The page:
How to cope with exam failure

Jun 13, 2019

Even those who couldn’t have studied harder or more thoroughly get nervous when exam results are published. But if you don’t get the result you were expecting or hoping for, it can really knock you for six. Failing even the most minor test – let alone an important exam – can leave you feeling frustrated, dejected and devastated, not to mention embarrassed.

Knowing how to manage your behaviour and emotions if you fail an exam isn’t usually something you’ll find instinctive. Indeed, most people struggle with the aftermath of a result that doesn’t go their way.

But it’s certainly not the end of the world (even though you may feel it is). Many successful people had serious setbacks when they were starting out – and kept having more setbacks throughout their careers. In fact many experts believe failure is essential for success, as failing always offers invaluable opportunities for learning. So the first step to getting back on your feet is not to be too hard on yourself and realise you’re in good company.

Here are some other strategies that may be helpful:

Make a new plan

So you’ve had an exam result that didn’t go your way. What’s next? It’s important to remember you have options. But it’s even more important to weigh those options up before deciding which course of action would be best for you. Try making a list of all the pros and cons of each available option if you’re struggling to come to a decision.

Can you resit?

Find out whether you can take the exam again, if that’s what you’ve decided to do. For instance, if the exam in question is a CAP1 or CAP2 exam you're allowed a maximum of 6 attempts. For the FAE exams, you're allowed a maximum of 3 attempts. Also check with your employer about the number of resits they will allow if you’re in a training agreement.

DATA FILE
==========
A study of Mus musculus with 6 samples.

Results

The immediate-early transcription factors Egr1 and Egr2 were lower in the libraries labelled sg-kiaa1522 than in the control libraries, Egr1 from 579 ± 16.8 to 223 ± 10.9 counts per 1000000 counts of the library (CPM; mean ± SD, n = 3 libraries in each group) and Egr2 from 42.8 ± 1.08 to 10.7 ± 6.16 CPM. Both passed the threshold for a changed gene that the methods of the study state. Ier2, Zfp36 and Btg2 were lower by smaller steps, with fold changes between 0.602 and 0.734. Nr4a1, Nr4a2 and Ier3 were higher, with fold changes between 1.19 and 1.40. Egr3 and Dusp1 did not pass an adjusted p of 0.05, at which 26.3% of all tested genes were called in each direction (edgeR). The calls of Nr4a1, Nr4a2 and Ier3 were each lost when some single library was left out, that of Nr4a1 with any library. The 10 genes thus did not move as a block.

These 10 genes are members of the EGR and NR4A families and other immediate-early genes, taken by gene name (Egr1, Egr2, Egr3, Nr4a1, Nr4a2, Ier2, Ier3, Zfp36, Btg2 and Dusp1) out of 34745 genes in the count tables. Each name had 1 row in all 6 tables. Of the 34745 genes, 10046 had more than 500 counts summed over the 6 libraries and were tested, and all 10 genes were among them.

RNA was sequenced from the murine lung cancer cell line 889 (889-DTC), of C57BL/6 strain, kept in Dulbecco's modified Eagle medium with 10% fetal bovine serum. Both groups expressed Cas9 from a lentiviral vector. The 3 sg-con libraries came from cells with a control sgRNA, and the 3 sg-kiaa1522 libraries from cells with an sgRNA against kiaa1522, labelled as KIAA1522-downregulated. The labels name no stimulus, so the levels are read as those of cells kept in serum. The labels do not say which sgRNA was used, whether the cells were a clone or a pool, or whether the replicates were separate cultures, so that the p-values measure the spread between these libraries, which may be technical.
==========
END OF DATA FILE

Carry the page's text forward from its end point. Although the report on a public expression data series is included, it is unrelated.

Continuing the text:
Learn from the experience

If you’ve decided to resit the exam but you don’t have much of a clue about why you failed it, it’s a good idea to find out. Try to identify your weaknesses – if you have a clear idea of an area or areas you’re lacking in, you can tailor your study to help ensure you’re much better prepared overall during your next attempt.

Besides any weaknesses or gaps in your knowledge, you may have made other mistakes previously too. You may have stayed up too late revising the night before the exam, or you may have let your nerves get the better of you – either way, these things could have affected your performance. You may not have had an effective study plan or you may not have stuck to it. Or perhaps you simply didn’t have enough confidence in your abilities.

So try and identify what you could do differently next time. Aim to get a good night’s sleep the night before the resit, and look at things that may help you feel more calm as the exam approaches. Also remember that you don’t have to be the best or the brightest to pass exams – you just have to work and study hard, and practice.

Be more resilient

Your future attempts at passing exams – or navigating any other challenging situations – may be more successful if you learn to bounce back more effectively. Being more resilient will help stop you going into panic mode and allow you to cope better whenever you feel under pressure. But unless you’re a naturally resilient person, developing resilience takes practice.

Article reproduced with the kind permission of CABA, the organisation providing lifelong support to ICAEW members, ACA students and their close family around the world.